Would you like to build up your nest egg? Not sure how to begin? Try these 7 rules to get you started saving! With these solid tips you are sure to have enough for a comfortable retirement!
CNN Money suggests…
1. Start early
More than any one stock or mutual fund pick, the age you start investing will determine how much wealth you build. To illustrate: Employee A starts putting away $100 a month when she’s 22. Her money grows at 8 percent a year, and after ten years she stops contributing – and lets her stake grow. Employee B waits until he’s 32 to set aside $100 a month, also growing at 8 percent a year, and he keeps it up until he hits 64. When they both retire at 64, she will have $234,600, and he’ll have only $177,400. Need we say more?
2. Use your 401(k)
If you’re not already enrolled in your company’s plan, stop reading now and sign up. Since you’re putting in pretax dollars, a 401(k) is an unrivaled savings vehicle, and passing up an employer match is – literally – giving up free money. Confused about how to manage all the choices in your 401(k) plan? New pension legislation is encouraging companies to offer third-party investment advisory services, so call HR to find out if yours offers any on-the-house guidance.
3. Keep it simple
If you have a full-time job and it’s not picking stocks, acknowledge that. Choosing three or four index funds – say, an S&P 500 fund, an EAFE fund, and a small-cap stock fund – will give you broad exposure. ETFs (low-cost mutual funds that trade like stocks) are also an easy way to invest in more exotic asset classes, like commodities. If you’re close to retirement, consider life-cycle funds from Vanguard or T. Rowe Price, which will automatically rebalance your account according to your goals.
4. Don’t try to beat the market
Even the best fund managers have trouble beating the S&P 500, so give up the chase. The most straightforward way to avoid this trap is to diversify your assets and then rebalance your portfolio at least once a year. Check your asset breakdown with Morningstar’s free Instant X-Ray tool (www.morningstar.com). Essentially, rebalancing means selling some winners that are taking up too big a share of your portfolio and redeploying that cash to bulk up in areas that have lagged. (Buy low, sell high – get it?)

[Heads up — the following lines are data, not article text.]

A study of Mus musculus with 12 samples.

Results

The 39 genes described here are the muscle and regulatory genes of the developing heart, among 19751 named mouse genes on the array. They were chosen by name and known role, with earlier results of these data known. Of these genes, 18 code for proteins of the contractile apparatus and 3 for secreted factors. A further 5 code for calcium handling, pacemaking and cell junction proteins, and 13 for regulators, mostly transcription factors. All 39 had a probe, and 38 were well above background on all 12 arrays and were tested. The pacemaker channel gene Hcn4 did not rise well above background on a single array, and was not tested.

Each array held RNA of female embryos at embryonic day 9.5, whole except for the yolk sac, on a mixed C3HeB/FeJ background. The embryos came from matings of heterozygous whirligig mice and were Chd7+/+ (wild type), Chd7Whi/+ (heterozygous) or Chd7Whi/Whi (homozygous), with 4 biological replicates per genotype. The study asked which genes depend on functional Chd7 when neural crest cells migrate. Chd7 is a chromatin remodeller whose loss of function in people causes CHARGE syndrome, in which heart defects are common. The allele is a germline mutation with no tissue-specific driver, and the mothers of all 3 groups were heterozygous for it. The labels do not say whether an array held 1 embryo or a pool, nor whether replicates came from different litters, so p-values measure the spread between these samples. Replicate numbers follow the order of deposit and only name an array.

5. Don’t chase trends
You want to grow your money for the long haul, so you can’t switch your strategy every time you read the headlines. If you see an asset class that’s catching fire – like real estate investment trusts (REITs) in the late ’90s or commodities this year – ask yourself some basic questions: Can I describe how it works in plain English? If not, start your research at Investopedia.com. Why is it so popular right now? If the answer is “Paris Hilton bought some,” best to stay away.
6. Make saving automatic
No one wants to think about saving – so don’t. Already more companies are making 401(k) enrollment automatic (34 percent of big companies, vs. virtually none ten years ago). If you’re already maxing out your 401(k), see whether your company can transfer money directly from your paycheck into your Roth IRA or a taxable account. Or ask if your bank can transfer a set amount (even $100 a month) from your checking account into a high-interest-bearing online savings account (check out HSBC’s and ING’s offerings).
7. Go heavy on stocks
The more time you have, the more risk you should take. If you’re just starting out, 80 percent to 100 percent of your assets ought to be in stocks. The simplest trick? Subtract your age from 120: That’s the percentage you should have in stocks; the rest should be in bonds. “If you have, say, 30 or 40 years, what happens over the next three months or even three years doesn’t matter. If you need the money in two years and it drops 40 percent in one year, that’s a problem,” says Stuart Ritter, a certified financial planner with T. Rowe Price.
Get the entire article at CNN Money!